Worker 11811

 

It's great to see you "in person!"

 


 

Next, I teach him how to conceptualize the project in storyboard form then create a shooting script to record from.

 

I've done stuff like this since high school so, to me, it's an intuitive process. It's really hard to teach others to do what comes naturally to you! You never know how hard it is until you try to teach somebody else!

 

So, tell me what you think would make the presentation more interesting?

 

P.S.: If you want to know how it is done, go get yourself some coins and experiment. The secret is VERY mundane. The secrets to most magic tricks ARE mundane. Most people are disappointed when they finally learn the secret.


 

As to how it could be more interesting, hmmmm . . . It's pretty difficult to isolate one trick and make it a production in and of itself. I would think that if you're shooting a video, you would have several tricks, starting with an attention-getter, and ending with your best. Having been involved with theatre, you must know that you need to be a showman to be a showman. "To be enthusiastic, act enthusiastic." (or is it the other way around . . . ?) You need to be more animated. Illusions are illusions (and as you have pointed out, usually pretty boring if you know the secret to the illusion). It's the illusionist who sells the Prestige.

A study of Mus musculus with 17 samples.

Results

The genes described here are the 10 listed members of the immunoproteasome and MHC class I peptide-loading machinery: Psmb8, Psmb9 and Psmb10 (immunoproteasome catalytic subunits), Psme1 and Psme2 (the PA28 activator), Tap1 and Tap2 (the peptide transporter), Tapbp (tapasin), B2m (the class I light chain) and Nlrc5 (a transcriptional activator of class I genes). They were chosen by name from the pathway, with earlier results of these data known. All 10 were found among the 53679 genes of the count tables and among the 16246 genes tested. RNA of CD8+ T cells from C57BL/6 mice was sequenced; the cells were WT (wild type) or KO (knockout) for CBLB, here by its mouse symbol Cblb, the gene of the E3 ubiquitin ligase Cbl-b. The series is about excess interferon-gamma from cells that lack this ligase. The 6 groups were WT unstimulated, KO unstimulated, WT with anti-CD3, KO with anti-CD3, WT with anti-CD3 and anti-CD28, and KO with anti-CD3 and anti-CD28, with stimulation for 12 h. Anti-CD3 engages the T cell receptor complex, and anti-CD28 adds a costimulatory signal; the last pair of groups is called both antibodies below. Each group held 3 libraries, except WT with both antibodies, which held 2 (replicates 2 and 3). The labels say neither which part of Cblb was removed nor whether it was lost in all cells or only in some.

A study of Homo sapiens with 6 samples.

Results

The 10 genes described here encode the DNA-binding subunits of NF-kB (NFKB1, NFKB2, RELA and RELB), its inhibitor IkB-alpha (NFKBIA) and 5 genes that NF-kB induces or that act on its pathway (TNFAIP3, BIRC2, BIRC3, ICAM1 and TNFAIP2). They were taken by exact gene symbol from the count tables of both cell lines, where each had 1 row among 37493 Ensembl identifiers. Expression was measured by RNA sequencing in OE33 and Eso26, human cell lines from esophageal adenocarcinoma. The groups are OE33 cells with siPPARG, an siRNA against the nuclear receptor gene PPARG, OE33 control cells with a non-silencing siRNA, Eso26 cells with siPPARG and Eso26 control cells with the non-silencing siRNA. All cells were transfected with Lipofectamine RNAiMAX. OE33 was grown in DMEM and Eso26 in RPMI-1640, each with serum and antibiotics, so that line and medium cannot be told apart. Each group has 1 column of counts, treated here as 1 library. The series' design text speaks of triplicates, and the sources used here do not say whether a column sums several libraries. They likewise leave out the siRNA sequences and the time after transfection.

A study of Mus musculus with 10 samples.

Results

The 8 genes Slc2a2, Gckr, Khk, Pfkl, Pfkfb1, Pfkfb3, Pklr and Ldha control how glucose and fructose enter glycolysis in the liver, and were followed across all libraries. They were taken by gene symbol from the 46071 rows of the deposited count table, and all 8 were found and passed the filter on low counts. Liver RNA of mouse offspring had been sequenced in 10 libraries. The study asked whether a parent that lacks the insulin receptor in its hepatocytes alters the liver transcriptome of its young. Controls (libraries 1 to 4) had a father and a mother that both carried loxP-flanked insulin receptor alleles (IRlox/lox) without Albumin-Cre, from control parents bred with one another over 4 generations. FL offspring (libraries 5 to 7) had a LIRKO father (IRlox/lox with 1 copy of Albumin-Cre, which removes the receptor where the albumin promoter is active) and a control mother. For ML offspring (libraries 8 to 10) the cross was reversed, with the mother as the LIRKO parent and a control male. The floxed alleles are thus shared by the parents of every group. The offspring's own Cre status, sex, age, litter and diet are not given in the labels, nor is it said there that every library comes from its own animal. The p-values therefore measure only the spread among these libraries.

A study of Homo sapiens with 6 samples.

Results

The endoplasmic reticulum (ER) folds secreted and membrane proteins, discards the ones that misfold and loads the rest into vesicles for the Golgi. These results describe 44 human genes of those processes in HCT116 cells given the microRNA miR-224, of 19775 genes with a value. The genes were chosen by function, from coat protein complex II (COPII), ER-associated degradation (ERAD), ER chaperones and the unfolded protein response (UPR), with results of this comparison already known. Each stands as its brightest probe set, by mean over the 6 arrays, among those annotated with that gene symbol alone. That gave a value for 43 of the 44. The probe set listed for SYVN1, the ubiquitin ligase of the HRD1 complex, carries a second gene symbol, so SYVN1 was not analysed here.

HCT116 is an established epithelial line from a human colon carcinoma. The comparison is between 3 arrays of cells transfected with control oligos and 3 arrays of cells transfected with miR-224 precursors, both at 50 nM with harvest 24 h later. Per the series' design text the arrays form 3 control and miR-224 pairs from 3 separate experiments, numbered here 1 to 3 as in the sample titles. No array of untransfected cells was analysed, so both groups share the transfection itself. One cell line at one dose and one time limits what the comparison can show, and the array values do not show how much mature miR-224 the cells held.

It sounds like the second coin clicks when it comes together with the first.

 

The positioning after the third coin seems a little off of center. Like they are tilted a little to your right.

 

I suspect either a strong magnet in the match box or the coins are magnetized and that's why you used the coins you did.


 

Main features - simple set, personable presenter. (is that you?)

 

btw. I think wallee's right, get them to balance straighter, and try not to have the click. It does make a magnet the obvious choice!